Celebrity moms Amanda Peet and Zoe Saldana have both spoken out publicly about their breastfeeding troubles, as reported recently by Parents magazine, providing a contrast to an idealized vision of breastfeeding that can make some women feel inadequate when breastfeeding does not go as planned.
Peet told talk show host Ellen DeGeneris about the "excruciating pain" she experienced due to breast engorgement, sharing a funny photo of her attempt to use cabbage leaves to relieve the pressure. Saldana, a new mother of twin boys, used Twitter to ask for advice about relieving the pain of breastfeeding.
Most mothers understand that "breast is best," and breastfeeding is widely supported by parenting experts, health experts and the general public. Even Pope Francis spoke out in favor of breastfeeding recently at a baptism service for 33 infants.
Breastfeeding boosts babies’ health, immunity and even IQ. For mothers, it promotes post-pregnancy weight loss and increases oxytocin, which increases baby-mother bonding and helps the uterus return to normal, according to the website WebMD. Breastfeeding is cheaper and in many ways easier than bottle feeding, with no bottles and nipples to sterilize and no formula to buy.
Despite widespread understanding of the benefits of breastfeeding, problems like those experienced by Peet and Saldana often cause mothers to stop breastfeeding before the infant reaches 12 months, the age recommended by the American Academy of Pediatrics. The CDC reports that 79 percent of babies receive some breast milk, but only 27 percent are breast-fed for 12 months.
Parents magazine has tips for the four most common breastfeeding challenges:
• Leaking — Leaking breast milk is harmless but annoying. Place disposable nursing pads in your bra to absorb excess milk. Avoid plastic lined pads, because they trap moisture. If you need to stop the flow of milk, folding your arms to put pressure on your chest is an inconspicuous gesture that might work.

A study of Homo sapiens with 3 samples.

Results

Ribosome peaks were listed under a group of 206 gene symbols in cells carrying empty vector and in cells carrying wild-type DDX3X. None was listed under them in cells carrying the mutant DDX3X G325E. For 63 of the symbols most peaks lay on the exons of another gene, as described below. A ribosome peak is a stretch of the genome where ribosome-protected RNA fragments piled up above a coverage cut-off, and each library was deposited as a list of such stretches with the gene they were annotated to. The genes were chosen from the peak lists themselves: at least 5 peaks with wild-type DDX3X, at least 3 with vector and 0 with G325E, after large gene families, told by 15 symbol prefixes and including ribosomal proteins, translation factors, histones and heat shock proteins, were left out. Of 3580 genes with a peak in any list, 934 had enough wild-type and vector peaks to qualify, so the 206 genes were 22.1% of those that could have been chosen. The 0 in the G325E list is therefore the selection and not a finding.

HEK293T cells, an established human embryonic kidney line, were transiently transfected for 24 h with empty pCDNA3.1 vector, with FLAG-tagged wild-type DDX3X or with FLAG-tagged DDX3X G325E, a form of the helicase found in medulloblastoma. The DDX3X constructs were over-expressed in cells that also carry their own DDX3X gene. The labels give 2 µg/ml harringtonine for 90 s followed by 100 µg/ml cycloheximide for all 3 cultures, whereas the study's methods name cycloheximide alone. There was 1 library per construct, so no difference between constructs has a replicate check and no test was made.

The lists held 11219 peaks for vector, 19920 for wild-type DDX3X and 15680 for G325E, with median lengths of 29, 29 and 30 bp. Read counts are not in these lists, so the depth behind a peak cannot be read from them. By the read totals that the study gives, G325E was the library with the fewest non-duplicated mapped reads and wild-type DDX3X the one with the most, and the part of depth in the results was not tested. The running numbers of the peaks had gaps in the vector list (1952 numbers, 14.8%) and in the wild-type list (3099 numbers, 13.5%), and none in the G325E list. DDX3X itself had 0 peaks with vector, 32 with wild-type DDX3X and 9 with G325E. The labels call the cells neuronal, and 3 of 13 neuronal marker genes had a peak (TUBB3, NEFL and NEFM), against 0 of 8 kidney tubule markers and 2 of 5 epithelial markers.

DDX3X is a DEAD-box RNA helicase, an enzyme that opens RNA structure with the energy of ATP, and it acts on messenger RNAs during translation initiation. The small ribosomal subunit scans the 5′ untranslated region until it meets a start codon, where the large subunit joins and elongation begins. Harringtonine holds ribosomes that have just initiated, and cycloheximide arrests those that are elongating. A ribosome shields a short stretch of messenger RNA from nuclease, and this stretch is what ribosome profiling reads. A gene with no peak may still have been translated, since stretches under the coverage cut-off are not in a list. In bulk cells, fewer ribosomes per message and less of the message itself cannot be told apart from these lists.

• Engorgement — It’s common for breasts to feel overly full, achy and hard during the first few weeks of nursing. Nurse more often if you can, and express milk between feedings. Some doctors recommend using a warm compress while nursing and a cold compress between feedings.
• Nipple confusion — Babies may become confused when switching between bottle or pacifier and breastfeeding. Try to avoid giving the baby a bottle or pacifier until three to four weeks after birth.
• Sore nipples — This often results when the baby has not latched on correctly. Trying different breastfeeding holds might help. If the problem is caused by sensitive skin, try to keep the area dry between nursing sessions. Applying a little milk or purified lanolin cream might help.
If these tips don’t help, Womenshealth.gov offers a more extensive list of 10 common breastfeeding challenges along with solutions to try. In any case, you may want to consult a pediatrician or lactation consultant.
Not all breastfeeding problems are simple, and 45 percent of mothers discontinue breastfeeding earlier than they had initially planned, according to a study by Alison Steube of the University of North Carolina School of Medicine. Steube says breastfeeding is understudied because it is at a medical crossroads between pediatricians, obstetricians and lactation specialists.
"As a newly minted doctor and breastfeeding activist, I used to believe that all mothers could breastfeed," Steube wrote on her blog, Breastfeeding Medicine. "Now, after almost a decade of clinical experience, I know better. Sometimes, breastfeeding physiology just doesn’t work. And frankly, as medical professionals, we handle these situations poorly."
Marsha Maxwell is an online journalist, writing teacher and Ph.D. student at the University of Utah. She can be reached at aboutSLC@gmail.com.